A section of Hadrian’s Wall will be blighted by the construction of a 89-ft wind turbine – if plans are approved by Northumberland County Council.
By Stephen Palmer-One objector to the scheme close to the Roman wall voiced his disappointment that the project – which is one of five similar schemes in the area – looked set to go ahead, claiming Northumberland is ‘carrying the brunt’ of turbine development.
The application is for the turbine at Houghton North Farm at Heddon-on-the-Wall, a quarter of a mile from the world heritage site, on the edge of its buffer zone and close to the wall’s national trail.
A total of 13 residents have objected, as has Heddon-on-the-Wall Parish Council.
Concerns have been raised not only over the impact on Hadrian’s Wall but also development of greenbelt, impact on neighbouring properties and on wildlife, and the scale of the turbine.
Ian Clayton, 67, of Bluebell Cottages, said: ‘It is obviously fairly close to the Roman wall. We get a lot of visitors here, and it is going to be clearly seen from certain areas.’
However, according to the local Journal newspaper, members of the council’s planning and environment committee are being advised to give planning permission at their meeting today.
Also recommended for approval at the same meeting is a bid for a turbine at Hexham racecourse, which is within the green belt.
The application was deferred at the committee’s last meeting, to allow consideration of concerns raised by the AONB partnership over impact on the landscape.
It attracted 52 letters of objection.
The third scheme backed by planning officers is to allow developers of the under-construction Green Rigg wind farm at Birtley to extend the hours they can work at the site.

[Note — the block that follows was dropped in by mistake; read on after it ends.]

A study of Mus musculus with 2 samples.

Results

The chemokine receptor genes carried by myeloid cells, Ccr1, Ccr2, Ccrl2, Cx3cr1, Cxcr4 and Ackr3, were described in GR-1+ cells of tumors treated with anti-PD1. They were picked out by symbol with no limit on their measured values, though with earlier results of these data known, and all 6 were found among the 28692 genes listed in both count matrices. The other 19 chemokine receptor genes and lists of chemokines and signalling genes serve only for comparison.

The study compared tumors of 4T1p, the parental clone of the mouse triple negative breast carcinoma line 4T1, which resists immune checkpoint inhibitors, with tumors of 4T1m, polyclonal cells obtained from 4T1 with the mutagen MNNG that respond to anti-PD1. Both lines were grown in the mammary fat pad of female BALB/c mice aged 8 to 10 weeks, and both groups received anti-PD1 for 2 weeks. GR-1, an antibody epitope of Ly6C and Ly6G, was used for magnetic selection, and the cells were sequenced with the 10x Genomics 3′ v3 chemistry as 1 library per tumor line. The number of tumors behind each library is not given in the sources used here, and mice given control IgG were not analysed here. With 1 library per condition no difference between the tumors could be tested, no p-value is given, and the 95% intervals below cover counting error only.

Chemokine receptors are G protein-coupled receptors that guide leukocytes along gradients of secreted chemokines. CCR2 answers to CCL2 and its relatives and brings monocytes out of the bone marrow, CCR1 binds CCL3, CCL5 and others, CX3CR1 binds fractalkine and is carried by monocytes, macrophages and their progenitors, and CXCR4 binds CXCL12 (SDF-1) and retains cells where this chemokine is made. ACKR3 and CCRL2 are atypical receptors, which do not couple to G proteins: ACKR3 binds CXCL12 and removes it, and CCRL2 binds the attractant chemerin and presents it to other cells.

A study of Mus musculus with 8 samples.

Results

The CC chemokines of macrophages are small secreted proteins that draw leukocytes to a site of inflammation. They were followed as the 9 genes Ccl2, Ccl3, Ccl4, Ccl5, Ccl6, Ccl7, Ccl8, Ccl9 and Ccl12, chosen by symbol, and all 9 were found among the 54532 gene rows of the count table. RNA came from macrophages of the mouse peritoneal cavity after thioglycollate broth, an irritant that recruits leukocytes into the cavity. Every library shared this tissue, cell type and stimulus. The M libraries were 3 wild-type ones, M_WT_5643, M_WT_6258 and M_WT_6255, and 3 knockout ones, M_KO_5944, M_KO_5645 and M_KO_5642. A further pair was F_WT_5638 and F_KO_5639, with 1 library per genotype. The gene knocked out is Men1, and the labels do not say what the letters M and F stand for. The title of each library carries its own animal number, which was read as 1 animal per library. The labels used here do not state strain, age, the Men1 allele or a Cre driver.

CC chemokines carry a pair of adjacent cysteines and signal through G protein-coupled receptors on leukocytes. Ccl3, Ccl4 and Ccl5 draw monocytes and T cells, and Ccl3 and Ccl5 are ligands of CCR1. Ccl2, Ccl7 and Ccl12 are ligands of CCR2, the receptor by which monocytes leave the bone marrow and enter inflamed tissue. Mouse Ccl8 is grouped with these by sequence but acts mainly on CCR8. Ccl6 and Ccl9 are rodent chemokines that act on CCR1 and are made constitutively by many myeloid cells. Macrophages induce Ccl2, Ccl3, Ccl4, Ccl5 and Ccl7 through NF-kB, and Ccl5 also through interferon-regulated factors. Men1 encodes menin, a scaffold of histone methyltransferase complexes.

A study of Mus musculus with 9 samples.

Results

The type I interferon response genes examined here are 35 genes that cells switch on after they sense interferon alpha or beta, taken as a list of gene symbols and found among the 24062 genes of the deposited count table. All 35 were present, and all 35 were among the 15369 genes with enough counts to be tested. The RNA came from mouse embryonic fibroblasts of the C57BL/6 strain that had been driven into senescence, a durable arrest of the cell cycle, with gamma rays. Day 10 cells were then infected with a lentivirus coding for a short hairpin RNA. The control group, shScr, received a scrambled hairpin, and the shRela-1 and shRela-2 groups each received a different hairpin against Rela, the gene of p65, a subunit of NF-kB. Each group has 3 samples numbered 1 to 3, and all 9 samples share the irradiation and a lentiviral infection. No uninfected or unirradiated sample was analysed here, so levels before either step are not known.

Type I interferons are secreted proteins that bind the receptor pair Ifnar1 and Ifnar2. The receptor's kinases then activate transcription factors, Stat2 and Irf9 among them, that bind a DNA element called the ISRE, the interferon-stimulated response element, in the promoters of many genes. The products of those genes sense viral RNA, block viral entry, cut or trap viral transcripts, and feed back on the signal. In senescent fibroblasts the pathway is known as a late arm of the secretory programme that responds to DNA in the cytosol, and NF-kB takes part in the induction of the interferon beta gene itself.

The fourth supported application is for a 164-ft monitoring mast beside the A1 at Felton.
Nine objections have been received with concerns voiced over road safety and potential for a turbine at the site, including by local county councillor Glen Sanderson.
The fifth proposal that members are being asked to support is for a 197-ft mast at Belford for three years.
The application, from EnergieKontor, has yielded nine letters of objection as well as opposition from Belford Parish Council.
Concerns have been raised over the need for the mast, impact on cultural heritage, the heritage coast, St Cuthbert’s and St Oswald’s Way and tourism.
Last night, Mr Clayton voiced his displeasure at the prospect of all five applications being approved.
He said: ‘If that is the case, I would be very disappointed.
I thought it was felt Northumberland was saturated enough; there was going to be a bit of a back off on these wind turbines.
‘If they were not subsidised they would not be going up. I do not think many people are for them.
If they were useful, I think they would be fine, but I am not convinced.
‘I am really disappointed with that. We seem to be carrying the brunt of wind turbines.’
The British National Party strongly opposes the construction of wind farms.
So far, over 2,000 have been built, at vast public subsidy, but they contribute less than one percent of the UK’s energy needs.
As well as blighting the landscape, wind farms are costly to maintain, and the electricity they generate is more expensive than that produced by other means.
Large wind farms are needed to provide entire communities with enough power. For example, the largest single turbine available today can only provide enough electricity for 475 homes, when running at full capacity.
The turbines also make a constant low noise – compared to that of a small jet engine – that can make life hell for residents and in turn drive down house prices.